George Hincapie website posts statement on use of banned substances.

Hincapie website comments range from supportive, to shock, to vitriol.

With the publishing of the USADA case, the drama continues to surge with the documentation of a healthy contingent of American riders admitting to PED use. The web weaves thickly for those who claim innocence, and one thing is for sure: an age of innocence must now be put to bed by everyone.

With Hincapie’s statement: a man said to be one of the sport’s most respected cyclists, there is a real sense of “selection” when, as cyclists call it, one gets dropped on a climb.

Heartbreaking, it is to see the spectrum of comments on his website, where some range as I mentioned from shock and disappointment and others, anger and vitriol. But they represent the spectrum of thoughts to the sport. Much respect to Hincapie’s team for not editing them, because for sure, the discussion is less about George Hincapie, per se, but the era of cycling. It just may be us, the public, that can’t handle the truth.

Anger, understanding, vitriol, support?

I don’t know which response has the most validity. Clearly, Hincapie has been a favorite within the peloton, the sport and mine, personally. That said, even taking into account the statements of Jonathan Vaughters whose op-ed was publicized recently in the New York Times, that a 2% performance gain denies the ability of some–including perhaps one of the Hincapie-commenters pictured in these screenshots. Not to be too quick to claim that fellow’s success, but it calls into question who, early on, got picked to move on into the ranks or, a bit later in the career, go to stay there.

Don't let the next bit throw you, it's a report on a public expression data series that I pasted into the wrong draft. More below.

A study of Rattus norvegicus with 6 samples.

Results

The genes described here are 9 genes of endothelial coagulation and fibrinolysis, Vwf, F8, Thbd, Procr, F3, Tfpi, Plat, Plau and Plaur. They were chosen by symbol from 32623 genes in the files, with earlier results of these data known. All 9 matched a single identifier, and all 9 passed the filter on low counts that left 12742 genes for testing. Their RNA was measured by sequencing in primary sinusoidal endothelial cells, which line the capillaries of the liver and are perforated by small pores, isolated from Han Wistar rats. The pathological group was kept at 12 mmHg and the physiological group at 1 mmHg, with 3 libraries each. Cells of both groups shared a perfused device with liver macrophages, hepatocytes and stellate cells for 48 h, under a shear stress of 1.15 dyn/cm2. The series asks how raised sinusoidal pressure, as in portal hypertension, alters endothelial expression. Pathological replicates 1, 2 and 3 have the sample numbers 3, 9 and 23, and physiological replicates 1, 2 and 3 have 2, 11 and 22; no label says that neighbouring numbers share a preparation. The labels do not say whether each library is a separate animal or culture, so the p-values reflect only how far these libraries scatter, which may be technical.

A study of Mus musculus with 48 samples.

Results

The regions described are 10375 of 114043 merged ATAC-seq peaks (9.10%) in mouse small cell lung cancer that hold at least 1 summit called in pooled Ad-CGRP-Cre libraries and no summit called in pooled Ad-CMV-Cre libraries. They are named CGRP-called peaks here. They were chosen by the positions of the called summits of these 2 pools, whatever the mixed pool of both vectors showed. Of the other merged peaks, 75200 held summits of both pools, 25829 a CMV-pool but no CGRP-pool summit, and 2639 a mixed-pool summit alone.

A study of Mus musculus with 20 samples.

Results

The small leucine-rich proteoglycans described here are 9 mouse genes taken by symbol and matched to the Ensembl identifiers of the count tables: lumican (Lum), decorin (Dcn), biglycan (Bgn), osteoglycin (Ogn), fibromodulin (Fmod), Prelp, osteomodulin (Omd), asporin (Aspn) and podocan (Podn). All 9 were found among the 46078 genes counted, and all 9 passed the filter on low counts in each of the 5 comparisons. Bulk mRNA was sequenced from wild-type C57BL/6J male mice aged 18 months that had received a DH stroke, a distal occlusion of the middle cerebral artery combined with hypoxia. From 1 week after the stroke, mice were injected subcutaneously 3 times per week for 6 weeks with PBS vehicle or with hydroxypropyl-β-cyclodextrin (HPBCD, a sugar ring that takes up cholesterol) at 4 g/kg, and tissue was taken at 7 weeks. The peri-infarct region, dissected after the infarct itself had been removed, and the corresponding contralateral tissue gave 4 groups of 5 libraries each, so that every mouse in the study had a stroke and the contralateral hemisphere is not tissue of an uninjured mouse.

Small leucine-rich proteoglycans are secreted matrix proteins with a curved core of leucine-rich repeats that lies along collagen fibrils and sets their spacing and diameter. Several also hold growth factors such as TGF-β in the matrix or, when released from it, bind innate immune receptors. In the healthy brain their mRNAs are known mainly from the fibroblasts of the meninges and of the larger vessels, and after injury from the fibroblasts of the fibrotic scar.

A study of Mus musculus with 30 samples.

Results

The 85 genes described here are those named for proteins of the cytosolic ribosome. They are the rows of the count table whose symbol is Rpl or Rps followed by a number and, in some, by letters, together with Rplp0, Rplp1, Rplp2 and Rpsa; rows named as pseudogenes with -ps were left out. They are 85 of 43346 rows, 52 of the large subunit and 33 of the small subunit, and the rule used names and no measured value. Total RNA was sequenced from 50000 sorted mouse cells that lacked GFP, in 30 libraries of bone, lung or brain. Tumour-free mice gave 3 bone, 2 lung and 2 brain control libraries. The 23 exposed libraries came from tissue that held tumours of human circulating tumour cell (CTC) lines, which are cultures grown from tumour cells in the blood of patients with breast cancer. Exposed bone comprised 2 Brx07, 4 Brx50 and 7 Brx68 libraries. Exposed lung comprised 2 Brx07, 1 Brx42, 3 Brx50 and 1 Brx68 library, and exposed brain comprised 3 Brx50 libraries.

Yes, these guys are talented enough and one couldn’t be a couch potato and suddenly win or even compete at the pro level. But, the other side as we hear in the admissions that came out this week that there is the point where the murky reality revealed itself for these guys, and it occurred to them if they wanted to be grown-ups in this, they had to leave that sense of innocence behind, and I guess, I have to as well.

Fortunately–I guess–I was never paid to ride and allowed to suffer my own racing disappointments with the knowledge that my best efforts wasn’t something that would starve my family. I couldn’t imagine–nor can I really judge those who do. Yet, the reversals, the scandals pick apart at the inspiration I felt watching and recreating in my own rides.